Review: New Theatre’s Posh is a riotously funny production

Posh

With reports that some of our senior politicians were members of the Bullingden Club  – the notorious student club which had a reputation for drunken room trashing – it’s not surprising that Laura Wade’s 2010 play Posh has struck a chord with many.

The play, which is being performed by members of Nottingham University’s New Theatre this week, is a searing satire about those who belong to such clubs – in this case the Riot Club – and the consequences of power without responsibility.

Inside the private dining room of a gastro pub, members of the Riot Club have gathered for their annual dinner. They are all wealthy students from Oxford University who are looking forward to a night of drinking and debauchery.

Despite their obnoxiousness the antics of the young men are very funny indeed. They are highly intelligent people and the dialogue is sharp and witty. They poke fun at each other and the quick-fire jokes are endless.

But lurking beneath the surface is something much darker. As the conversation becomes political, Alistair exclaims that he is ‘fed up of poor people’. The boys even feel that they are hard done by because the middle classes supposedly hold all the power and they bemoan the fact that they have to open up their mansions for visitors to look round. Meanwhile, their solution, if they get into trouble, is to throw money at the problem and hope that it goes away. As the night wears on a sort of tribal misogynism is revealed in their dealings with the prostitute and Rachel, who is the daughter of the pub landlord.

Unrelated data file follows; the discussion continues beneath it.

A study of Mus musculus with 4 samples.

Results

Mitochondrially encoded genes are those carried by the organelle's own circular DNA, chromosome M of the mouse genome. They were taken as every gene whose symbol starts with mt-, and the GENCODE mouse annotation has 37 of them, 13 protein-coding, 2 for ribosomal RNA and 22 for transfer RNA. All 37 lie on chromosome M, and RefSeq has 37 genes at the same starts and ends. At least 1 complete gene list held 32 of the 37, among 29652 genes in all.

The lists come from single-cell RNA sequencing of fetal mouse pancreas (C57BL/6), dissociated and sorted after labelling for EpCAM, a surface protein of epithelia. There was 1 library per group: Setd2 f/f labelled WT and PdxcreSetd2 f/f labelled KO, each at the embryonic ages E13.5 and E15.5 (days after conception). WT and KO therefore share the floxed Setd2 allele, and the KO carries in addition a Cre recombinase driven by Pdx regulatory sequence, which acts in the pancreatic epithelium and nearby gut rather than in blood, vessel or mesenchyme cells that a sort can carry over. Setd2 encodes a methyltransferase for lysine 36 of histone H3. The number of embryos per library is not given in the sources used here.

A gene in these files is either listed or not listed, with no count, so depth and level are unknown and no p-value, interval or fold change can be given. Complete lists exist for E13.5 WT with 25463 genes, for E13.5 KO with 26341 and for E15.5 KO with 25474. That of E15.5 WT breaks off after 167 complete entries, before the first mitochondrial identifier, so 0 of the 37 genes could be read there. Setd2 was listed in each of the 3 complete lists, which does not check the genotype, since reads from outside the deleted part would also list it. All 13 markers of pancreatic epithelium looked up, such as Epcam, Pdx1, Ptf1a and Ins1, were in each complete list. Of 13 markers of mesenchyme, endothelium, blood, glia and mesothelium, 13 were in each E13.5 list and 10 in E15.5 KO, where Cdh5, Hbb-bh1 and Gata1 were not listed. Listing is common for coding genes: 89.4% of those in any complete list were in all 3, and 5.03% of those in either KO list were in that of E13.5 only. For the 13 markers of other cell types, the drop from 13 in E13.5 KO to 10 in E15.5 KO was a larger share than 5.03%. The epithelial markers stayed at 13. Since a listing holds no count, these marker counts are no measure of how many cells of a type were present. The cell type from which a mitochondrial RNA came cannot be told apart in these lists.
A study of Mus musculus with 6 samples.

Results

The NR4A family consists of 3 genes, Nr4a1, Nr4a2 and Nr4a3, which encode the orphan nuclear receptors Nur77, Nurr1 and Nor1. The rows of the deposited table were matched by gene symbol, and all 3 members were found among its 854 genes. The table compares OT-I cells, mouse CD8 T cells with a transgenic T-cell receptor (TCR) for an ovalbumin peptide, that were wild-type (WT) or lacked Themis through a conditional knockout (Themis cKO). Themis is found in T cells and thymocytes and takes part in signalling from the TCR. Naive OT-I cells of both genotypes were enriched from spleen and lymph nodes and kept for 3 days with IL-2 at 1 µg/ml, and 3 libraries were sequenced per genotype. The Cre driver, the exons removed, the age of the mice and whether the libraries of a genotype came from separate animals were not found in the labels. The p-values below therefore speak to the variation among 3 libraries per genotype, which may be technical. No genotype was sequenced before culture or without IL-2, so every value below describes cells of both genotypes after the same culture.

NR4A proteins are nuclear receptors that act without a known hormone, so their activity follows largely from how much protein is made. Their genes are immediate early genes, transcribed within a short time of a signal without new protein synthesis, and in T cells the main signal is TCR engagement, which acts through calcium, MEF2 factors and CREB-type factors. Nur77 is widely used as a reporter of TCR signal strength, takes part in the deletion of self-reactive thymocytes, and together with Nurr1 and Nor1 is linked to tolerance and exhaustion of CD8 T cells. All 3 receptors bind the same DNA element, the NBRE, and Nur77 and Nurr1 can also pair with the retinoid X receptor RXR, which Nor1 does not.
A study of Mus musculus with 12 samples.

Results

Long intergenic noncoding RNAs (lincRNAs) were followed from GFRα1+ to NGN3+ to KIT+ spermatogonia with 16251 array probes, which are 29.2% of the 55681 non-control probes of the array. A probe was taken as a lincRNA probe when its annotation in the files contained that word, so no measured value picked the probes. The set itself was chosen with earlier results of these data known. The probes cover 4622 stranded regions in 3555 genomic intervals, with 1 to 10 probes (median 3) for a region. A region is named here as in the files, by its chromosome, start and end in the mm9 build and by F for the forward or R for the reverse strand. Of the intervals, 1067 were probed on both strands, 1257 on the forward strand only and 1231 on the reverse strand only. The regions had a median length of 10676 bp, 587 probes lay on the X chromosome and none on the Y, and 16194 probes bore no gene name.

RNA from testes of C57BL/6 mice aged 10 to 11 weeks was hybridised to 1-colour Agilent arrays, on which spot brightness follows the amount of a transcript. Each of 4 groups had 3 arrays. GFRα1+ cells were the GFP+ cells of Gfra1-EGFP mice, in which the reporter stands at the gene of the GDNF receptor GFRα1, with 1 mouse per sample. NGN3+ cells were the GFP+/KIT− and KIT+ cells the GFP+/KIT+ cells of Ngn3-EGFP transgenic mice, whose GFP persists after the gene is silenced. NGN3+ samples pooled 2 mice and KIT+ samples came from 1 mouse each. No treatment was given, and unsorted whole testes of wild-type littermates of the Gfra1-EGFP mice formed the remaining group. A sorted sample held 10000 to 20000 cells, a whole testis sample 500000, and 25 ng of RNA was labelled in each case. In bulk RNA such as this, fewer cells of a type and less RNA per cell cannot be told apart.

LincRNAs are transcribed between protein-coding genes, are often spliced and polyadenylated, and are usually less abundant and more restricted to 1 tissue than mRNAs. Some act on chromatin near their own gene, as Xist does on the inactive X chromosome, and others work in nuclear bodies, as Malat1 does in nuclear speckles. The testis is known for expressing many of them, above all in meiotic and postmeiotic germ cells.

Eventually the inevitable happens and the members of the Riot Club trash the dining room – and I mean really trash it. Glasses fly, champagne fizzes, books are ripped and tables are overturned in this spectacular piece of theatre.

A tragic twist causes them to crash back down to reality but despite the ghastly incident there is a feeling that because of their status and who they know, they won’t have to suffer the consequences of their actions.

Overall, this is a fine production by some exceptionally talented students. The actors captured the bullish arrogance of the characters perfectly and managed to provide much hilarity, while also giving us something to think about.

Posh is on until Saturday. For tickets visit the New Theatre website.